Making It Your Web

PHP and MySQL Tutorial (Updated)

Quite a while ago now I posted a blog about how to interact with a database to save the star ratings from my Star Rating Script built with YUI. I recommend you do not follow the guidelines in that post any more because it uses an old method of database interaction with PHPs built-in mysql_* functions, which are really not secure any more and deprecated in the newest version of PHP.

What you should be using for database interactions from PHP these days is what is known as PDO, which stands for PHP Data Objects. From the PHP website:

The PHP Data Objects (database-specific PDO driver to access a database server.

PDO provides a data-access abstraction layer, which means that, regardless of which database you're using, you use the same functions to issue queries and fetch data. PDO does not provide a database abstraction; it doesn't rewrite SQL or emulate missing features. You should use a full-blown abstraction layer if you need that facility.

PDO ships with PHP 5.1, and is available as a PECL extension for PHP 5.0; PDO requires the new OO features in the core of PHP 5, and so will not run with earlier versions of PHP.

This is quite complicated, but is basically an encryption layer built into PHP so that when you pass data to a database you don't have to worry about escaping anything. I would highly recommend adding your own validation layer to your data before even passing it to your PDO object, but that is for another blog post.

An example

To setup a new PDO object that your application can use all you need is the following line:

$objPdo = new PDO('mysql:host=dbhost;dbname=dbname', 'dbuser', 'dbpass');

You'll need to change a few things in the above for your own database:

  • dbhost - your database host (usually localhost, but could be an external IP)
  • dbname - the name of the database to connect to
  • dbuser - the username of the database user you're connecting with
  • dbpass - the password for that user to connect to the database

Once that's all done $objPdo is now an object that you can use to access your database to read from, or write to. So, how do we do that? Well, quite simply, the following line will query the server with the given SQL and return you an array of data (or false if the query failed).

$objSth = $objPdo->query("SELECT * FROM your_table");
$arrResponse = $objSth->fetchAll();

Pretty simple, huh? In the first line we tell the PDO object that we want to query "your_table", which creates an object that we can then do stuff with. fetchAll() is called on that object to query the database and return everything it finds (or false on error). Depending on the data in your table you'll either get an array of the data, or an empty array. If the query fails for whatever reason (e.g. your_table doesn't exist) $arrData will just be false.

There are also plenty of options you can pass with fetchAll() to get different datasets. Check out this link to see which. I like to call $objSth->setFetchMode(PDO::FETCH_ASSOC); before fetchAll() to only return the associative names of the columns in the table, otherwise you'll get both the columns names and their relative indexes as array keys. For example, without use FETCH_ASSOC you could get something like:

	"name" => "A name",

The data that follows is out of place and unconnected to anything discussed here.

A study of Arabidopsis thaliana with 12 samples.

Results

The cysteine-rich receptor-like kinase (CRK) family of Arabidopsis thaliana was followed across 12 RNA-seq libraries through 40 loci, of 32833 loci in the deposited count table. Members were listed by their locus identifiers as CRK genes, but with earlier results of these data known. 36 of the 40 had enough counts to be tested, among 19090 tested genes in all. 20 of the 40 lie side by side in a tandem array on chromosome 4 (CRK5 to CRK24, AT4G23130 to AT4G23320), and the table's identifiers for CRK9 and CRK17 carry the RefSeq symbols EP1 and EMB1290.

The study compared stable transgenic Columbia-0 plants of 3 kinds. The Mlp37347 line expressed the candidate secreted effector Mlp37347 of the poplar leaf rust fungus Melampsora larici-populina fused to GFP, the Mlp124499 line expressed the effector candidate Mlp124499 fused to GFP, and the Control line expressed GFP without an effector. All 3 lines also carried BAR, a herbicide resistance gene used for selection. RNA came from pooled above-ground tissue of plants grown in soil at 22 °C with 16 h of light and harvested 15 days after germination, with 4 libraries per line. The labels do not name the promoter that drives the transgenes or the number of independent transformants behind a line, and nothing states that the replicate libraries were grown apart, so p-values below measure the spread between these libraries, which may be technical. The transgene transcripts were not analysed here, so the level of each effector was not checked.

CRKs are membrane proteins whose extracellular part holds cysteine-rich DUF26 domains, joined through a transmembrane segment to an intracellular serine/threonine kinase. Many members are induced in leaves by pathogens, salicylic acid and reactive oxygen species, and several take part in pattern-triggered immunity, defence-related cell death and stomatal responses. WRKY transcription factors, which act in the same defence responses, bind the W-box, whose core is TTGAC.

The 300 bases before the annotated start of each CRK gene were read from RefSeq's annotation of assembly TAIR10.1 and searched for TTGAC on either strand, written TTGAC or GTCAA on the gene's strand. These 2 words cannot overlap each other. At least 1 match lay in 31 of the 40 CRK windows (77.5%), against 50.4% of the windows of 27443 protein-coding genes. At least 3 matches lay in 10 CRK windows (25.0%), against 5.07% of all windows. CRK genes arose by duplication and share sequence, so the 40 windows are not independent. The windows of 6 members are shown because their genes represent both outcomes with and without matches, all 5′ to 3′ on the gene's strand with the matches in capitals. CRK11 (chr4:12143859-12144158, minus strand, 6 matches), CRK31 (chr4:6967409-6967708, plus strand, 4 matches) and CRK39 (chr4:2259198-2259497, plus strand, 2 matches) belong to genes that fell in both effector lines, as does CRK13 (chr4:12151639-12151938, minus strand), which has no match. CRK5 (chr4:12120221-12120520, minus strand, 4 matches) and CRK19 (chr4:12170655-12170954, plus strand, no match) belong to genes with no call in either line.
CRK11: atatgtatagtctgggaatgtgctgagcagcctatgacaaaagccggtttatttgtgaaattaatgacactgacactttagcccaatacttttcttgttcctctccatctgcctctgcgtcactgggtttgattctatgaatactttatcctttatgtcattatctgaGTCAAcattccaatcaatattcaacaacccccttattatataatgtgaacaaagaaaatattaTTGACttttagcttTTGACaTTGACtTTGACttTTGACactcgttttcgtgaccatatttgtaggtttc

"0" => "A name",
	"email" => "",
	"1" => ""

One last thing with fetchAll() here. You can use $sth->rowCount(); to give you the number of rows that have been returned by a successful query.

How about adding data to the query?

You can add data to the query by passing an array of parameters and using placeholders for where the parameters should appear in the query. For example, say you wanted to fetch a user record where the name matches "John Doe". Your query would look something like:

$objSth = $objPdo->prepare("SELECT * FROM your_table WHERE name = :NAME");
$arrData = array("NAME" => "John Doe");

Notice that we don't put the name "John Doe" in the query at all, we just pass a reference that we later assign the string "John Doe". This reference can be anything you want but should probably be something relating to the field you want to query for brevity. The array on the next line then gives that reference a value that we want to pass to the query. This is usually a variable (for example from a post array from a form). To add more you simple add the placeholder and then add more items to the parameter array ensuring the names match;

The query to then select data from the database is slightly different. Rather than just query we need to merge the parameters with their value and PDO does this in a way that secures and encrypts the data removing any erroneous characters or potentially harmful SQL injections. For this we use the prepare statement followed by execute, such as:

$objSth = $objPdo->prepare("SELECT * FROM your_table WHERE name = :NAME");
$arrData = array("NAME" => "John Doe");
$arrResponse = $objSth->fetchAll();

And there we have it! With two extra lines we have a secure query to the database passing data. Exactly the same method can be used for inserts, deletes and updates. The only difference is that, with an insert the ID of the inserted row will be returned and with update either true or false will be returned.

One final point

If you would like to just return one element from the database (for example where you expect there to be only one result or only want the first result to be returned) you can use fetch() instead of fetchAll(). fetchAll() will always return a multi-dimensional array (where the query is successful and there is more than one results) whereas fetch() will only return a single array of the data.

There is a heck of a lot more to PDO than this. This is merely a very brief introduction. I recommend checking out the extensive manual on and having a good read through and use it where you can! Update any legacy mysql_* code to use PDO and you'll immediately be adding a layer of security to your applications.